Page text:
Uber's new CEO apologizes to Londoners after citywide ban


Last Friday, TfL shocked many by announcing that it would not renew Uber's licence to operate in the United Kingdom capital, citing the firm's approach to reporting serious criminal offences and background checks on drivers. Its biggest rival Lyft, for example, has yet to expand to the U.K. Uber claims that about 3.5 million people use the ride-hailing service in London, with 40,000 drivers on its platform in the city.

Khosrowshahi, who took over the position as Uber's CEO last month, said it's his responsibility to help the company with its next chapter and will appeal TfL's decision.

However, for many in London, pricey black cabs are just too expensive or inconvenient (try hailing one when it is raining....) Uber has revolutionised how young people in particular travel around the city.

Uber's general manager for London, Tom Elvidge, immediately responded to those accusations in a blog post, saying that Uber partners with local police to respond to complaints but that it "does not routinely report incidents retrospectively to the police on behalf of others - we advise those involved to make a report themselves and then assist the police with any subsequent enquiries".

Councils have this week declared that outdated taxi laws need to be urgently reformed following Transport for London's (TfL's) decision to revoke taxi giant Uber's trading license in the capital.

The TfL said Uber poses risks to public safety and criticized the company's approach to reporting serious criminal offenses and conducting background checks.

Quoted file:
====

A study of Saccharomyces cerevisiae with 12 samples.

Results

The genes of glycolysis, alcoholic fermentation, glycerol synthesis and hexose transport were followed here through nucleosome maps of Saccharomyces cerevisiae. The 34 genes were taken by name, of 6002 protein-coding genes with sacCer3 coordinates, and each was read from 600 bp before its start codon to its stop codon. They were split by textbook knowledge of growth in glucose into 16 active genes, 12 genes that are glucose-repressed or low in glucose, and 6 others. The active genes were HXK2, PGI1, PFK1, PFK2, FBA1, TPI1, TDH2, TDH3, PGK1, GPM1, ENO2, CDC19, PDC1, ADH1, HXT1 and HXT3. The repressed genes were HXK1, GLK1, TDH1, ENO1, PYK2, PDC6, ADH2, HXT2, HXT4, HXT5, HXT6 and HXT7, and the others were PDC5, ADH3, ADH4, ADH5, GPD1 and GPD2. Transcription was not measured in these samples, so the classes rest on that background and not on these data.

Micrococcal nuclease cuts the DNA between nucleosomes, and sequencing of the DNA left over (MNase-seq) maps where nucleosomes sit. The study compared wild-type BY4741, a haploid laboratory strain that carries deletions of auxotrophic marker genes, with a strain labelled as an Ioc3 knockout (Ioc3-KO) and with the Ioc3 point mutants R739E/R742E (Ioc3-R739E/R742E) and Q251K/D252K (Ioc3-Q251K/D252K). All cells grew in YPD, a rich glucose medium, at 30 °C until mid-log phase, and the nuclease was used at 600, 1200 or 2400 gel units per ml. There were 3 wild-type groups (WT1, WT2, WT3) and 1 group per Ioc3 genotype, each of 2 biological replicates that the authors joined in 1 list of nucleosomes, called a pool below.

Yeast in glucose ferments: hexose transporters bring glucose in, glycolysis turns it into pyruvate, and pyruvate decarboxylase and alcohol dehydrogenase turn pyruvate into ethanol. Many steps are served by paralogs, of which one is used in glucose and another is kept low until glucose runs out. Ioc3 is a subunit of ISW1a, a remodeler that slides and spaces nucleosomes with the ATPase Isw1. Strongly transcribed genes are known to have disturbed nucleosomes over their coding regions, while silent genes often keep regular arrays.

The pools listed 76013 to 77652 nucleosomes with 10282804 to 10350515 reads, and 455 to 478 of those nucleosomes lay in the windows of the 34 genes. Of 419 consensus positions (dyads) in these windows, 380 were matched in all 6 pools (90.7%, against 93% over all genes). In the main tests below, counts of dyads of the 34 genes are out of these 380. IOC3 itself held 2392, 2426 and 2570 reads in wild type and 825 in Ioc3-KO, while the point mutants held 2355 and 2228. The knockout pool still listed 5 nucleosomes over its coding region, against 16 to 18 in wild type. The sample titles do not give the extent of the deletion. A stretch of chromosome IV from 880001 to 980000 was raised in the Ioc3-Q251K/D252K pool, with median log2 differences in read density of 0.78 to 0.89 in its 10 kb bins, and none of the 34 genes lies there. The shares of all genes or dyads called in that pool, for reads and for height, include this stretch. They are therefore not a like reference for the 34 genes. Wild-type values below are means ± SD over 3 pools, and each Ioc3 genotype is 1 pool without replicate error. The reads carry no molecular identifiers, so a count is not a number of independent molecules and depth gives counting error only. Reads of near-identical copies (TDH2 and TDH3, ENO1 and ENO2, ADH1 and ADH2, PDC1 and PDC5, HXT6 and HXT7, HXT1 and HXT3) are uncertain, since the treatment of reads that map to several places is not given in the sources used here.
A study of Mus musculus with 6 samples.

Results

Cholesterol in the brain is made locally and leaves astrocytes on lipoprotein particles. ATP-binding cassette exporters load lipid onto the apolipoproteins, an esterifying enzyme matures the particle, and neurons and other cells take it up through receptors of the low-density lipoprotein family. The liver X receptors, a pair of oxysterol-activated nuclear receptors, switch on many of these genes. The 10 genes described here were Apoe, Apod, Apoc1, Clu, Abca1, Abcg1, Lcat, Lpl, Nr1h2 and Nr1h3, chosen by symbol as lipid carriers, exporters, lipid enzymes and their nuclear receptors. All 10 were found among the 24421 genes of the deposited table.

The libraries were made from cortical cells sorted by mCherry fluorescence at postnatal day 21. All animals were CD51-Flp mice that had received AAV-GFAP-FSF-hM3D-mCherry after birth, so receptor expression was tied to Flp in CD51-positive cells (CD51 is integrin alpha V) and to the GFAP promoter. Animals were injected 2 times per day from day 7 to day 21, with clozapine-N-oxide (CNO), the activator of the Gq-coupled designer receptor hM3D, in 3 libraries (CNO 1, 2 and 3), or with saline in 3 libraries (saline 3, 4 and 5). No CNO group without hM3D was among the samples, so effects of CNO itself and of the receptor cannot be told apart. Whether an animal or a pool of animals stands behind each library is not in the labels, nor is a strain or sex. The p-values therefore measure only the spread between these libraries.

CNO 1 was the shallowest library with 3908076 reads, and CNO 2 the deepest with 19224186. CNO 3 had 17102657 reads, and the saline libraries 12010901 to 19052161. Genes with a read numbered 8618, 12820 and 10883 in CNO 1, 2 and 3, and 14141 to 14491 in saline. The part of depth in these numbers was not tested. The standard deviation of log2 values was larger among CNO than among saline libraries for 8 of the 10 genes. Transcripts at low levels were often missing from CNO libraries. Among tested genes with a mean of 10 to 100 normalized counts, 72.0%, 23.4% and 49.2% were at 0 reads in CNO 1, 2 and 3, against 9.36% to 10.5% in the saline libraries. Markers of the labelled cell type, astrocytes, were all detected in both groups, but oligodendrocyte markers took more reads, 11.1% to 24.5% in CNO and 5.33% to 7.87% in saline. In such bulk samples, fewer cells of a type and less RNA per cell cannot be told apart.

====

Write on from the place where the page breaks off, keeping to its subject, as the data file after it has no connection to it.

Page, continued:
Labour Mayor Sadiq Khan was quick to endorse the decision of an agency he supervises.


Taxi firm Uber is likely to remain on London roads for more than a year despite being banned by Transport for London bigwigs.

London police also investigated 32 Uber drivers accused of rape or sexual assault of a passenger between May 2015 and May 2016, according to a freedom of information act request by the Sun newspaper.

Meanwhile, a petition demanding that Mr Khan reverse the licensing decision reached 750,0000 signatures.

"This was one of the unusual things around the TfL notice yesterday is they are the ones who do all of the checks and license the drivers".

Today, Uber's new CEO, Dara Khosrowshahi, looked to begin that process. The decision pits the popularity of the company among millions of customers, against regulators and taxi drivers who want tighter controls. "All companies in London must play by the rules and adhere to the high standards we expect - particularly when it comes to the safety of customers".

Uber CEO apologies to Londoners on behalf of company.